Sunday, November 16, 2008

A new blog location at Air and Space magazine

Apparently, they liked my dispatches from India during the launch of Chandrayaan-1 last month, so Air & Space Magazine has asked me to post to a new blog at their web site. The new blog is called:

The Once and Future Moon

and will consist of miscellaneous pieces describing ongoing lunar exploration, the return to the Moon, space policy and a few other things as my interest wanders.

In addition, my personal web site contains many papers, presentations, images and maps dealing with the Moon and lunar return. Please go here:

Spudis Lunar Resources

Please check out the new blog and drop by the web site too!

Monday, October 27, 2008

India Aims for the Moon

Just returned from India to attend the launch of Chandrayaan-1. While there, I was blogging the launch activities for the Smithsonian Air and Space magazine.

The original posts can be found HERE. This should be up for the next few weeks. I have also posted a PDF of my blog pieces at the main web site HERE.

Great trip! The launch was spectacular. Now comes the hard work of exploring the Moon.

Friday, July 25, 2008

“Been there, done that” -- Space Policy Ipecac

The first NASA Lunar Science Conference is now concluded. On the first day of the meeting, Carle Pieters (Brown University) gave a talk summarizing the NRC report on the Scientific Context for the Exploration of the Moon. Although a straightforward summary, Carle used the phrase “Apollo was exciting... but been there done that” during her talk. Note well: she does not subscribe to this view, but it was picked up by the press and trumpeted in a wire story.

This phrase is not only offensive to the ears of working lunar scientists, it’s flat wrong in regard to a return to the Moon under the Vision for Space Exploration. During my talk immediately following Carle’s, I attempted (once again) to review exactly what the Vision means and why it was laid out the way it was (presentation posted here). I think that the fundamental problem comes from the idea that the VSE is “Apollo on steroids” or in fact, any reincarnation of Apollo at all.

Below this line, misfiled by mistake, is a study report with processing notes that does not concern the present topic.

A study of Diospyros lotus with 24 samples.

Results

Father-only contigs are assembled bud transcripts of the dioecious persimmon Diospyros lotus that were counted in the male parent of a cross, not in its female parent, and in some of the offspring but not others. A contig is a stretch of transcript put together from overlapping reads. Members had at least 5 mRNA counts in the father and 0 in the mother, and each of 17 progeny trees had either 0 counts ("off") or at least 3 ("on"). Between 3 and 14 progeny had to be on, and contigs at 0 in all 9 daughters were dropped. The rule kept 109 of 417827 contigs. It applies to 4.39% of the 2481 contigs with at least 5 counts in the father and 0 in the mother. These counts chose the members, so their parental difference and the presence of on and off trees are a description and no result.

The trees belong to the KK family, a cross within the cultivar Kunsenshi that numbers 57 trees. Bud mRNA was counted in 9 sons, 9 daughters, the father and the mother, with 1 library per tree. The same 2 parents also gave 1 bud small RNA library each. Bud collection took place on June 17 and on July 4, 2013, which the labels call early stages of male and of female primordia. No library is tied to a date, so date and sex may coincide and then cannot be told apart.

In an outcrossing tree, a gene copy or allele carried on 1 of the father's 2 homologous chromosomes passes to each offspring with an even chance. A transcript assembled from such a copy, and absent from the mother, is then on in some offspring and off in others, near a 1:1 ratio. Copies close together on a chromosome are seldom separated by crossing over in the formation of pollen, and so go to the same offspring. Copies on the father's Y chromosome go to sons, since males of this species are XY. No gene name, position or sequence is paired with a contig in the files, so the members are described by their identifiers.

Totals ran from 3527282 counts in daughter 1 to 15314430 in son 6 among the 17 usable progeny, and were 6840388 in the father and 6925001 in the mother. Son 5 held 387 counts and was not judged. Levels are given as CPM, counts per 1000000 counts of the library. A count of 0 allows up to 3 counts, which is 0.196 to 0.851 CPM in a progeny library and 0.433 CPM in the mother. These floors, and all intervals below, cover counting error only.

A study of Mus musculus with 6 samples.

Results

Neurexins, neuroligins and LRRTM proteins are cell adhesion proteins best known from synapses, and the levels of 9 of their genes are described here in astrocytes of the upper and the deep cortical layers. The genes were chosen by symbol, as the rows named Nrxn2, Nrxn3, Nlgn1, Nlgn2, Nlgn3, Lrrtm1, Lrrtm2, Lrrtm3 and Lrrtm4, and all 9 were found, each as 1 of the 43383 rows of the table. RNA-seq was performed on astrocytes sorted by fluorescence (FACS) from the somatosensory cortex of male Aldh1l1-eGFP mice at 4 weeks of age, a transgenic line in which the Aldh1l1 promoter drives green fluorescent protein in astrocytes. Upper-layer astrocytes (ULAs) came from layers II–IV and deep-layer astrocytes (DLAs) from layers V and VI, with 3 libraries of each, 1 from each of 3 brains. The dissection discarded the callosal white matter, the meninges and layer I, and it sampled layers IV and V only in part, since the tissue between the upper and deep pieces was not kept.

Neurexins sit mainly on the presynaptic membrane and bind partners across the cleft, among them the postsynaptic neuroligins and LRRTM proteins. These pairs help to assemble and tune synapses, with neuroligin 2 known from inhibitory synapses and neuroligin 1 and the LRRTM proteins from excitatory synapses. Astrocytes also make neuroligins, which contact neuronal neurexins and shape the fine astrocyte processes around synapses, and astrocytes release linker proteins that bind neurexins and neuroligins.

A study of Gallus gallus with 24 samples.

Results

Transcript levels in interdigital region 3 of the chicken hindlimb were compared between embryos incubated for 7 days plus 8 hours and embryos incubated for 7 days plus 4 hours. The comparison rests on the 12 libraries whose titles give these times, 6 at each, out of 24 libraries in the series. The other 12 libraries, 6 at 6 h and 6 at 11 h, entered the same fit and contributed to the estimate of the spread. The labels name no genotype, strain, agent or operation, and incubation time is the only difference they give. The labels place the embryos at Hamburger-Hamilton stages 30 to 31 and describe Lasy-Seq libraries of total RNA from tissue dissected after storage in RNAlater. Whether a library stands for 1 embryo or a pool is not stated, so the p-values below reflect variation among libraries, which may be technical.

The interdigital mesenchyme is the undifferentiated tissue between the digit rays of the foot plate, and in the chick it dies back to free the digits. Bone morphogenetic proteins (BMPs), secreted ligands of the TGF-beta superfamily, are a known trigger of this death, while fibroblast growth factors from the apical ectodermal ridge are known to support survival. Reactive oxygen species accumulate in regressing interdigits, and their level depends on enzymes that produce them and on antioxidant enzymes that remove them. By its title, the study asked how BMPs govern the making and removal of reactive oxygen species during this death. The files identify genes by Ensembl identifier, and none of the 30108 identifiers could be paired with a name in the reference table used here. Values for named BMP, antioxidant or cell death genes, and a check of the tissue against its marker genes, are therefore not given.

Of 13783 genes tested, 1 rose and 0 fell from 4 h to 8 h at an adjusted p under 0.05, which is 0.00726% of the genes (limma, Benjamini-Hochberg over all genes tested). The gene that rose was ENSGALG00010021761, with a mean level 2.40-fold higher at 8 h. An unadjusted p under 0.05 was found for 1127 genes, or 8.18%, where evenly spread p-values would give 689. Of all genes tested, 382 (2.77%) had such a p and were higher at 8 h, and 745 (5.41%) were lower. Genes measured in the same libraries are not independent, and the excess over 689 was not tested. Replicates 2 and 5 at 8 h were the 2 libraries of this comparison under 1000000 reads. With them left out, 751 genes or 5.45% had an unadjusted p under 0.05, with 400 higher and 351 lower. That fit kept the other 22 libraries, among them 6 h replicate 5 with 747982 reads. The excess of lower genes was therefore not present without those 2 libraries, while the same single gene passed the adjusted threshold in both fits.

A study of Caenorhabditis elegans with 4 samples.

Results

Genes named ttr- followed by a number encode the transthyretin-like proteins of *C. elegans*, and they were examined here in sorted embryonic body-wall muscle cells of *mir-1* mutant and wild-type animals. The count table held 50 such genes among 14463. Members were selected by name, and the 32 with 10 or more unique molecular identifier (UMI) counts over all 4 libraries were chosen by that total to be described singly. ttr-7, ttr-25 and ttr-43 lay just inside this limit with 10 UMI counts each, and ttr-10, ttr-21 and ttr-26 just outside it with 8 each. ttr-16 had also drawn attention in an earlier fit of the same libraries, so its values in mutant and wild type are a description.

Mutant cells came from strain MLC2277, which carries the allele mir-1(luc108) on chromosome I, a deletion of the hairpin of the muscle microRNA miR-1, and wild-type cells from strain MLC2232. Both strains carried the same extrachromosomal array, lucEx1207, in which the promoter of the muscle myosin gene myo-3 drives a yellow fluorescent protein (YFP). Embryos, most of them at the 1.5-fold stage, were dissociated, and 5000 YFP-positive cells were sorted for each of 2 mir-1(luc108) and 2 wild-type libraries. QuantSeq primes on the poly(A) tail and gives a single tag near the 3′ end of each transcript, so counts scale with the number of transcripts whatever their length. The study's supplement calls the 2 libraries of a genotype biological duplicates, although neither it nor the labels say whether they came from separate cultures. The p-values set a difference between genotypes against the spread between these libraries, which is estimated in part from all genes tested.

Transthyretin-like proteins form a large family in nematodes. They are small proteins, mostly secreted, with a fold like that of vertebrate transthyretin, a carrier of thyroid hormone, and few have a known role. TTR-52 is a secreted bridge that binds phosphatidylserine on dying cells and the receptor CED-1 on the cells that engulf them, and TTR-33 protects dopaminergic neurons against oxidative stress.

If the mission of lunar return were to conduct Apollo-type sortie missions focused on lunar science, it would indeed have an “Apollo Redivivus” flavor. In fact, we are NOT going back to the Moon to fill in the blank pages in the notebooks of lunar scientists. As clearly laid out in the Vision for Space Exploration founding policy documents, the aim of a return to the Moon is to learn the skills we need to live on other worlds. Foremost among these skills is using the material and energy resources of the Moon to create new spacefaring capability. I cannot imagine a mission statement more antithetical to the trite and dismissive “Been there, done that.”

Of course, no one knows if using space resources is even possible. That’s exactly why it’s such an interesting mission – we don’t know the answer ahead of time. NASA’s job is not to industrialize the Moon – it’s to find out if the Moon can be industrialized. Such a challenge has never been attempted by any nation or entity, but it is a skill that we must master if we are ever to become a true spacefaring (and space-inhabiting) species.